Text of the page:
The MADE in America Act is essential for the pharmaceutical industry

The past two years are ripe with many lessons. From education to access to health care to supply chains, America has had to review and reorganize the way it works, learns and does business. We have also been faced with the challenges of our global interdependence.

While much good can come from our interdependence, there are indeed risks that come with it. Many American industries have realized that we have become too dependent on overseas manufacturing. This is especially true when it comes to the pharmaceutical industry.

When supply chains are down and global shipping is at a standstill, waiting for decorations, toys and other consumer goods can be frustrating. But when it comes to prescription drugs, the wait can be life-threatening.

Before COVID-19 hit, many in our industry knew that our reliance on foreign countries for so many critical links in the pharmaceutical supply chain was an impending disaster.

An estimated 80% of the active pharmaceutical ingredients used to create many of the drugs Americans rely on come from China and India, along with a few other countries. When these governments closed factories and borders, getting these needed ingredients became a challenge, crippling supply chains and becoming a public health emergency here at home.

That’s why last week the Biden administration signed a executive order to launch a national biotechnology and biomanufacturing initiative. The goal is to increase our domestic biomanufacturing capacity to compete more effectively with foreign manufacturers and reduce our dependence on them.

This week, bioscience leaders from across Texas gathered in Irving to collaborate on ways to continue to grow North Texas’ life sciences industry. Our state is a leader in the national biopharmaceutical industry, attracting investors and innovators who want to continue to build on a track record of innovation and discovery.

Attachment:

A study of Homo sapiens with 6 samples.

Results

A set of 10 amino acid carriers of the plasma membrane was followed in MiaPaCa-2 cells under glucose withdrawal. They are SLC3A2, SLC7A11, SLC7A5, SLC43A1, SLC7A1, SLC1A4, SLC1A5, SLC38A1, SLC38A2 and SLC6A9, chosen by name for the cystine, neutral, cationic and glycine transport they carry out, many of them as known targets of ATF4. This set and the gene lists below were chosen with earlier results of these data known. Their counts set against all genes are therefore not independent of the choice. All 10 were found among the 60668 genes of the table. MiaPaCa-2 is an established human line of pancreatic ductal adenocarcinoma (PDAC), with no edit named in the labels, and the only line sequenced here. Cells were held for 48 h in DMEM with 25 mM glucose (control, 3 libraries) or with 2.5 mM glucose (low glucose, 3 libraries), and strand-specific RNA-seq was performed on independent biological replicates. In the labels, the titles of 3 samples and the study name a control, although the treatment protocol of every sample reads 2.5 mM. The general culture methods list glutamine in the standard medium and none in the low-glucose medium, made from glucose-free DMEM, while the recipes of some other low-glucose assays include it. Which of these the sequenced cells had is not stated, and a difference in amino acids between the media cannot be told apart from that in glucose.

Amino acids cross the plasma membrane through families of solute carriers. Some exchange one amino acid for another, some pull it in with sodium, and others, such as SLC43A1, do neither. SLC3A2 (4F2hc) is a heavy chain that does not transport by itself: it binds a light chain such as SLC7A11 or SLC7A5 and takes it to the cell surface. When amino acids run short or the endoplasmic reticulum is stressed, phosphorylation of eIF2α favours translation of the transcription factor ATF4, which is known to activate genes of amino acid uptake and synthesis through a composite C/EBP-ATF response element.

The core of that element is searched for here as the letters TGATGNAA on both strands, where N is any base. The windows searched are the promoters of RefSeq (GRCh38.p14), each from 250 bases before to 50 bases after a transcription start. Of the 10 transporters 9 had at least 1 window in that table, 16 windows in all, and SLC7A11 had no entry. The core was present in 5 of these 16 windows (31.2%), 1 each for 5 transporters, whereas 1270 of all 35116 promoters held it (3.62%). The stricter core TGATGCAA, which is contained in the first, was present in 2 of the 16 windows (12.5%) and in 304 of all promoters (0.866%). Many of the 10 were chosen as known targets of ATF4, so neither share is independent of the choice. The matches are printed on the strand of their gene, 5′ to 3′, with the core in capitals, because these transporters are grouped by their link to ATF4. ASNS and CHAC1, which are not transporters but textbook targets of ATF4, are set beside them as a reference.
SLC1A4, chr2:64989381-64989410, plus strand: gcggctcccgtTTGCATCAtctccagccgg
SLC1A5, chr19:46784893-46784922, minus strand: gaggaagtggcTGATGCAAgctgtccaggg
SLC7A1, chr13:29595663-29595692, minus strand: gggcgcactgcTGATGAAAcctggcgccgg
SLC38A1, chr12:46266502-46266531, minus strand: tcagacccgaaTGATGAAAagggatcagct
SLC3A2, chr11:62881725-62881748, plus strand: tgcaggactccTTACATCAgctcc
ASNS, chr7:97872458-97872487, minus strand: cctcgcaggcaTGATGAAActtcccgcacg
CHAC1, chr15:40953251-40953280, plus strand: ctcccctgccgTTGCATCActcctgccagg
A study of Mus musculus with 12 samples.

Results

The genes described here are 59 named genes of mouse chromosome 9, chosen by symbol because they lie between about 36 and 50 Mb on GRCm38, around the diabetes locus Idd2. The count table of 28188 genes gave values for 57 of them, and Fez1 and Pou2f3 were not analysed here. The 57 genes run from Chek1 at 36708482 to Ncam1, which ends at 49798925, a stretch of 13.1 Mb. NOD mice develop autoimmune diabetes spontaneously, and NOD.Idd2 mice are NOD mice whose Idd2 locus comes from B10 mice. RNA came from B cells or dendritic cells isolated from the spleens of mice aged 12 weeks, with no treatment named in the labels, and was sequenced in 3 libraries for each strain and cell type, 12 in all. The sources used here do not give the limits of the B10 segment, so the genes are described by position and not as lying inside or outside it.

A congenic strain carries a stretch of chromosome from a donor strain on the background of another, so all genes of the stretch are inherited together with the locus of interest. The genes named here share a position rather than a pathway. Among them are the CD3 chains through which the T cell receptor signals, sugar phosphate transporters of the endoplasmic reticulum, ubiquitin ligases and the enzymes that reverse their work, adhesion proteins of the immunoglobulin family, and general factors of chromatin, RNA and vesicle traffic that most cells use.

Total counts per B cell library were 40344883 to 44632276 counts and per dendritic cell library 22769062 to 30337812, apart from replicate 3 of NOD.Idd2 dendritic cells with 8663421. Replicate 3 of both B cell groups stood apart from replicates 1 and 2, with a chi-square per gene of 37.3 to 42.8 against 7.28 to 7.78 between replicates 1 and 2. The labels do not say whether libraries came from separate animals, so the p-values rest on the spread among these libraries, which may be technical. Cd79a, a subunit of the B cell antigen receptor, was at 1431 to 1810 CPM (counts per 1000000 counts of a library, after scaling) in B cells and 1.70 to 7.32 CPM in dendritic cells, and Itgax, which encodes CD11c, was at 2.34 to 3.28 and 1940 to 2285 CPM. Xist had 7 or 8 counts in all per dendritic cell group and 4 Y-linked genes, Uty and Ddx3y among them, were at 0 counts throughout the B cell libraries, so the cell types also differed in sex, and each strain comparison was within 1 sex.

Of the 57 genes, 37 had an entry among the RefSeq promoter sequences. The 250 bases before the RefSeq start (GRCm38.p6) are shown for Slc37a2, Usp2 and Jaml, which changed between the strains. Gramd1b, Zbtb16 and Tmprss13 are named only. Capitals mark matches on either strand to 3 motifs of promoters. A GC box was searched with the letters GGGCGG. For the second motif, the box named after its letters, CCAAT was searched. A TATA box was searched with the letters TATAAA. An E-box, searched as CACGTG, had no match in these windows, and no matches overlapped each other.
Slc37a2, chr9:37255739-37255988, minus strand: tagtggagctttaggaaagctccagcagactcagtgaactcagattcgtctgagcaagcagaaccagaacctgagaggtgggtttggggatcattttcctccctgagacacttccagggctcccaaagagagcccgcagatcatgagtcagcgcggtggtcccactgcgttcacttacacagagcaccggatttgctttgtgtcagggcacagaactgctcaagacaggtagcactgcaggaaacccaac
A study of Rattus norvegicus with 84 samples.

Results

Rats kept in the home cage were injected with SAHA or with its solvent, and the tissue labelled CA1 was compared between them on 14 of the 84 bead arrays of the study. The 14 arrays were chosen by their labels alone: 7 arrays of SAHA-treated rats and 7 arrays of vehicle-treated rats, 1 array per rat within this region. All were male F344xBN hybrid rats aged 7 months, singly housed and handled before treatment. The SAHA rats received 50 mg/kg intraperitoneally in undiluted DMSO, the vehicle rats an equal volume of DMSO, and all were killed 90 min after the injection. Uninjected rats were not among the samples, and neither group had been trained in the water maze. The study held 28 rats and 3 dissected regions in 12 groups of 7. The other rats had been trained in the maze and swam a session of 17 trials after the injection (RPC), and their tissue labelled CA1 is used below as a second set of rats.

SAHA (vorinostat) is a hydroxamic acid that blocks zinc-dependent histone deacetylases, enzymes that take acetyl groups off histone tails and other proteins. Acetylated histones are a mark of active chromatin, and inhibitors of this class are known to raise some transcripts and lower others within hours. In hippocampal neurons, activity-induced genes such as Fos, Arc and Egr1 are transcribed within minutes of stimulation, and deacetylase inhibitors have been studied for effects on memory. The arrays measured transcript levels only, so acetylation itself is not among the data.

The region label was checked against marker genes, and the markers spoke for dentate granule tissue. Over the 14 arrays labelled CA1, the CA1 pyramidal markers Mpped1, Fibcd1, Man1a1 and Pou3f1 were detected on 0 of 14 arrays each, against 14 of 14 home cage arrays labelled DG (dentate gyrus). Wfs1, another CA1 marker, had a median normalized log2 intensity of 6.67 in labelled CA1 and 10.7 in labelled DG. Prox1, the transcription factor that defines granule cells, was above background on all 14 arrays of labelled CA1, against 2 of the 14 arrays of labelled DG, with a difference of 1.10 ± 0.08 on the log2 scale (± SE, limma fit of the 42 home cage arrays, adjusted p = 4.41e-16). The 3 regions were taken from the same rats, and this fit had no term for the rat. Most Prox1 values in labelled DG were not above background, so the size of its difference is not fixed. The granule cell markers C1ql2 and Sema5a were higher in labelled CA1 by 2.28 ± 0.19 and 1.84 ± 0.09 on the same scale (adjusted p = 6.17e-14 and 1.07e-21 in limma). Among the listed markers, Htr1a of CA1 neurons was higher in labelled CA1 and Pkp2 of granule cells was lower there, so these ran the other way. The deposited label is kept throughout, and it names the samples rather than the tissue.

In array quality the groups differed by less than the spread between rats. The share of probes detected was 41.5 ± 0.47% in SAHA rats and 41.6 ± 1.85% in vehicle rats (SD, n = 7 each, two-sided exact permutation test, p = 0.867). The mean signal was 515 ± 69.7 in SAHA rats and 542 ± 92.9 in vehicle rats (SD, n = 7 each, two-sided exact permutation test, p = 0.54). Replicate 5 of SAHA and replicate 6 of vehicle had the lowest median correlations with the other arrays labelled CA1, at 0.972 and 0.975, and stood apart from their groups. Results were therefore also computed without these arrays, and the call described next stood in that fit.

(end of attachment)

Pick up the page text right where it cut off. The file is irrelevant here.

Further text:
But our industry needs the right policy and regulatory environment to continue to thrive and grow so we can stay competitive and develop more manufacturing capacity here in the Lone Star State.

US legislators must encourage and encourage the domestic production of pharmaceuticals and their components. And the good news is that there is currently a vehicle in Congress that would allow them to do just that. The legislation, the Manufacturing Active Pharmaceutical Ingredients, Drugs and Excipients (MADE) Act in Americaenjoys bipartisan support in both the House and the Senate, a sign of the importance of this bill.

The bill would encourage domestic manufacturing and improve and streamline Food and Drug Administration processes to help strengthen domestic manufacturing.

Domestic production is good for our physical health, and it’s good for our economic health. Life science jobs are good, well-paying jobs, and creating more of them here in the Lone Star State will only enhance Texas’ reputation as a bioscience leader.

In the coming weeks, Congress has an opportunity to act on the MADE in America Act as part of its broader efforts to pass the reauthorization of the Prescription Drug User Fee Act, a bill essential legislation to fund the FDA and help patients access treatments as quickly as possible. possible. The current authorization of this law will expire on September 30.

U.S. Representative Michael Burgess, R-Lake Dallas, is a House health care leader. His support for this legislation will ensure that we can bring more manufacturing to Texas, help balance our supply chain, and ensure that we can do our part to compete with China. On behalf of the Texas life sciences industry, we are asking them to support this legislation.

Victoria Ford is President and CEO of Texas Healthcare & Bioscience Institute. She wrote this column for The Dallas Morning News.